It’s also episode 296 on the “ Word on Fire “ podcast. Which I will most likely listen to at least the first part on the way to work today. Social justice, systematic oppression, and who is and who is not a victim and who is and who is not misplacing anger is all super complex. Kind of. Some of it is pretty clear.
After listening to the podcast I can respond specifically to the podcast but this is by no means a new subject. I’ve seen people on both sides of this abuse it. I’ve seen people who definitely make themselves out to be a victim over everything just so they can constantly justify in their mind the angry and hate they have. I’ve also seen people who don’t understand anything about compassion of historical injustices that just gloss over a issue and basically say, “ so what about everything in history just pull up your pants and get over it” type mentality.
When I think of the Bible though two verses come to my mind.
The one verse about not sinning in our anger. I think this is a straight forward literal command. Just because we are angry does not mean we can sin. We are not supposed to seek wrath. We definitely see people who have a lot of legitimate reasons to be angry expresses it through sin. Such as no matter how angry systematic oppression may make you no one has a right to approach random strangers on the street and hit them in the back of their head and you should not smash someone’s car window over a sticker that say Biden or Trump. But forgiving someone does not mean bending over backwards or being friends which them. You can be righteous by ignoring them. You can be loving to your enemies in need without being their bestfriend that chills with them.
The other verse is don’t let the sun go down while still angry giving the devil a foothold. This is not literal. It’s more abstract and philosophical than a actual command. Such as if I’m done wrong 10 hours before sunlight and you’re done wrong 4 minutes before sunlight it does not mean I had all day to processes it and you’ve only a few minutes. It means don’t let anger consume you. Don’t dwell in bitterness and allow your heart to be hardened. Otherwise you’ll find yourself justifying hate without cause.
Some things I have mixed feelings on. Like burning down empty buildings and cars on the street during a protest. Often these marches are 100% justified. Such as the Trevon Martin story. It’s mind blowing to me that a racist adult man can stalk a kid and repeatedly chase them through the streets because he thinks the kid does not belong there and then the kid fights back and the guy shoots him and it’s called self defense. I don’t see how the stalker chasing a kid can call the kids reaction violent and so he has to defend himself. It’s very angering. It’s still very angering. It’s angering seeing justice repeatedly being undercut. Like that white college guy that raped the Asian girl and then got sentenced to just 6 months and released after after 3 because “ he’s a good kid from a good family and Fox has good plans for him he just needed a wake up call” type mentality.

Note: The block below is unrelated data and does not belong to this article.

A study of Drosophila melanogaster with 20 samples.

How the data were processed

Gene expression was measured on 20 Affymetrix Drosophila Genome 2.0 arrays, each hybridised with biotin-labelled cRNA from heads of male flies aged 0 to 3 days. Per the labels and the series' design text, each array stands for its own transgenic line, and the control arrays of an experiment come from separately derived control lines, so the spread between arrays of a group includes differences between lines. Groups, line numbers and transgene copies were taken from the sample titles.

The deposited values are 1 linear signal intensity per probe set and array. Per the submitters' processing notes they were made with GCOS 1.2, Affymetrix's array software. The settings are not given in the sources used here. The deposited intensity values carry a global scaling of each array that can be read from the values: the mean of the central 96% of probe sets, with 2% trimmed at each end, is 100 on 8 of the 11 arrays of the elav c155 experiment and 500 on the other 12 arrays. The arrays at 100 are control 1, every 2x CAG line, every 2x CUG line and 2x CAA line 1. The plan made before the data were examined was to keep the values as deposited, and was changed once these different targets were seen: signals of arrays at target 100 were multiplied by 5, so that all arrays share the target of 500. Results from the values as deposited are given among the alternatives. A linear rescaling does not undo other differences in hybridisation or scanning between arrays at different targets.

So marching often makes perfect sense. But the questionable part is the occasional building burning. I see two sides. What do you do when you are the weaker party and you can’t actually overthrow those causing you harm and the majority of Americans are either apathetic or just keyboard warriors and so the abuse keeps happening again and again. When you March and protest and nothing seems to change. When peaceful protestors are arrested , gassed and so on. If it takes burning a building down to get people in the community to care is that problematic.
I mean if it was me and me and my family and friends was being overlooked and harmed outright and the majority of the town did not care and my loved ones kept dying what would I do. If I had no where to run because it’s the same everywhere. If I burned down one persons car and suddenly everyone was like “ hey oh crap make sure they are treated fairly becsuse I don’t want my car burned down next” is it really bad. That’s where I don’t have a firm opinion.
But I’ll listen to the podcast nonetheless.